The runway at Martin State Airport fell away as the distant Baltimore skyline popped into view. A hint of turbulence jittered the pilot's seat during a banking maneuver that filled the cockpit windshield with the vast blueness of the Chesapeake Bay.

After a quick series of adjustments and a moment of indecision came the satisfying thump of wheels touching down.


It felt mighty good to be back on the ground. But then again, the student never left.

At Middle River Aviation, instructors can teach the fundamentals of flight in an airplane or in a new full-motion simulator that pitches and rolls in every direction — even straight into a death spiral. The Redbird simulator lets the user pick the airport, the weather conditions and the catastrophe to overcome.

"It's pretty doggone realistic," said Dan Faoro, vice president of the Aircraft Owners and Pilots Association. "You can almost make yourself airsick."

The $100,000 trainer — the only one of its kind in Maryland — helps trim the cost of getting a pilot's certificate. It also can assist lapsed pilots trying to regain skills or train those looking for a license upgrade.

"Flying isn't expensive. Learning to fly is expensive," said Kevin Walsh, president of the four-decade-old Middle River Aviation.

The company's co-owner, Vince Talbert, is an education advocate who has another mission for the simulator: bringing to life the fields of science, technology, engineering and mathematics for school students and maybe finding a pilot or two among them.

"When we had the big moon missions, there was a lot of excitement and interest in flying. If more kids could experience flying, it would turn on that light again," said Talbert, who hopes to launch a one-week flight camp this summer.

Talbert got his pilot's certificate in 2009, one year after he sold his online payment company, Bill Me Later, to PayPal, an eBay subsidiary, for nearly $1 billion. Talbert partnered with Walsh to buy the flight school.

Depending on the aptitude of a student, it costs at least $9,000 to obtain a private pilot's certificate. An instrument rating can cost an additional $8,000.

For $80 an hour and without leaving the ground, a student can get the basics with an instructor in the right-hand seat on Middle River's simulator.

"It gives you the ability to hit the pause button, talk to the instructor or go to the whiteboard to work out a problem and then continue the flight," Walsh said. "It allows you to learn procedures and develop that muscle memory so that you react to a situation quickly."

Students can apply 21/2 hours of simulator flying to the 40 hours of flight time needed for a private pilot certificate. Fliers upgrading their skills with an instrument rating can do all of their training in the simulator, reducing the cost by about half.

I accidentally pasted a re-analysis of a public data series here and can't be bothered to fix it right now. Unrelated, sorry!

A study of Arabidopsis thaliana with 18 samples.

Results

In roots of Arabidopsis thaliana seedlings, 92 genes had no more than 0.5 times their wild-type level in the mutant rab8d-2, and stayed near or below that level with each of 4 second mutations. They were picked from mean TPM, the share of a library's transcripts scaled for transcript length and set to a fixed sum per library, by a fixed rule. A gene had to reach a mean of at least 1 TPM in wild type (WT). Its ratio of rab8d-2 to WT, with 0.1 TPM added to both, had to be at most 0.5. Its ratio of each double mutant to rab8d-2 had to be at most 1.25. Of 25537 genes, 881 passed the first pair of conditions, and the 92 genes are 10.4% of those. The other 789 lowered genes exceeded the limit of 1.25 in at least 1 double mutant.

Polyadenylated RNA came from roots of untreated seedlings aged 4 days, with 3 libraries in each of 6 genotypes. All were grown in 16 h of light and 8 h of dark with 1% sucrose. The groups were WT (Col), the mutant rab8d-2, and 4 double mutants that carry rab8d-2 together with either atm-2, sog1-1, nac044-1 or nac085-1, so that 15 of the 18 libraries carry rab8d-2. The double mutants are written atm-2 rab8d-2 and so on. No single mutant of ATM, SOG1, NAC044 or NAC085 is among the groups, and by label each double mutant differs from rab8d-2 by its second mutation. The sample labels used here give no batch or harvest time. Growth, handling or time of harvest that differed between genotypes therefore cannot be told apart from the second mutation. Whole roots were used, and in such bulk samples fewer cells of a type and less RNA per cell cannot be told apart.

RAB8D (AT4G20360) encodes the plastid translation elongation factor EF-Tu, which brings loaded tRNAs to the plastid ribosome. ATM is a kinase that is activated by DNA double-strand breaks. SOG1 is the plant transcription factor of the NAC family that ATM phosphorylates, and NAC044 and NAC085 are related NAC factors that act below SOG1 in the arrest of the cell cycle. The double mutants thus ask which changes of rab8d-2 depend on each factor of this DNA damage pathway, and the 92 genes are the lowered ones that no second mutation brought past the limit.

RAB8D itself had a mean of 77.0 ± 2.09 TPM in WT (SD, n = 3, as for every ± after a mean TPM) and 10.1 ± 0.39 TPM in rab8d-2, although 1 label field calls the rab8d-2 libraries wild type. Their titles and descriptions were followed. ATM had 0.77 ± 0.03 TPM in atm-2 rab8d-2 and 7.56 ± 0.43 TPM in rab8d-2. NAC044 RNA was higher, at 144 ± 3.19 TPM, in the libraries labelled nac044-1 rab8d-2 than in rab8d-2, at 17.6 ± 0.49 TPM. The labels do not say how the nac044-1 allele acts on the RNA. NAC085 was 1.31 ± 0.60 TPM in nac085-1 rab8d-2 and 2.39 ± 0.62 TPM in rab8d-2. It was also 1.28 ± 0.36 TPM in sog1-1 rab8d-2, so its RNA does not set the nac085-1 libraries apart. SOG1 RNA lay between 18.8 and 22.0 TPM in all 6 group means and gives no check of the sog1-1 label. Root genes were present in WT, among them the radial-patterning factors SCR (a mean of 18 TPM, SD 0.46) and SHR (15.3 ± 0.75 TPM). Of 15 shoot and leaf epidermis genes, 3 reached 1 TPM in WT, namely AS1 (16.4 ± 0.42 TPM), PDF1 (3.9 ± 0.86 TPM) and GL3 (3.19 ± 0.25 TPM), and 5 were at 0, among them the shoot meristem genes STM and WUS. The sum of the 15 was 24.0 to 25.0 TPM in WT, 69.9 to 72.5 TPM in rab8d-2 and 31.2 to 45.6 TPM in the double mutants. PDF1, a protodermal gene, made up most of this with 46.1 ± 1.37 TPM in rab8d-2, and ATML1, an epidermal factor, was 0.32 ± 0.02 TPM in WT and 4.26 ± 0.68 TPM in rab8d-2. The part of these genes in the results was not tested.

"Electricity is cheaper than fuel," Walsh said. "You can practice to your heart's content before you try it in a plane."

It's never been tougher to be a private pilot. High fuel prices, corporate cutbacks that include the company plane, and the slowly recovering economy have become banes of general aviation.


A recent report by the Maryland Aviation Administration noted that between 2006 and 2012, nearly half of the state's 35 general aviation airports saw a decrease in the number of flights. Easton Airport, the state's busiest in 2006, lost nearly 70 percent of its traffic in six years. Frederick Municipal Airport dropped 24 percent. Even with the Maryland Air National Guard and the State Police aviation unit based there, Martin State activity dropped 29 percent and 74 aircraft left.

"It's not just Maryland. It's the same everywhere across the country," said Steve Hedges, spokesman for the Frederick-based Aircraft Owners and Pilots Association, which represents and promotes general aviation interests.

The average age of a pilot is 48, according to the Federal Aviation Administration. The number of active pilots of all types has declined from a high of 827,071 in 1980 to 625,581 in 2000 to about 618,660 in 2011.

Just last week, Cessna Aircraft Co. announced it was offering early retirement to an unspecified number of its 8,200 workers.

"If we don't do something, we're going to die," Walsh said.

The aviation industry and flying enthusiasts are grabbing onto innovations like Redbird Flight Simulations, the brainchild of former Dell executive Jerry Gregoire. The Texas-based company has rolled out a line of simulators, from desktop models to large capsules like the one at Middle River that look like something suitable for NASA training. Prices start at $7,000.

Middle River Aviation took delivery of its Redbird in February.

"Flight schools are not a hugely lucrative field," Talbert said. "Flying is a passion and the money I made on Bill Me Later allowed me to pursue that passion."

Now the Towson University graduate wants to ignite that passion in schoolchildren and at the same time provide an avenue to learn the curriculum in an engaging way. His one-week flight camp will touch on all the subjects as they relate to flying. The camp will end with a real flight.

"Everyone has to take the test, but there are many ways to learn the material. I envision a world where the material is taught in multiple formats," said Talbert, a member of Towson's Board of Visitors and a board member at the Digital Harbor Foundation. "I don't want them just to be sitting behind a computer. I want them fired up."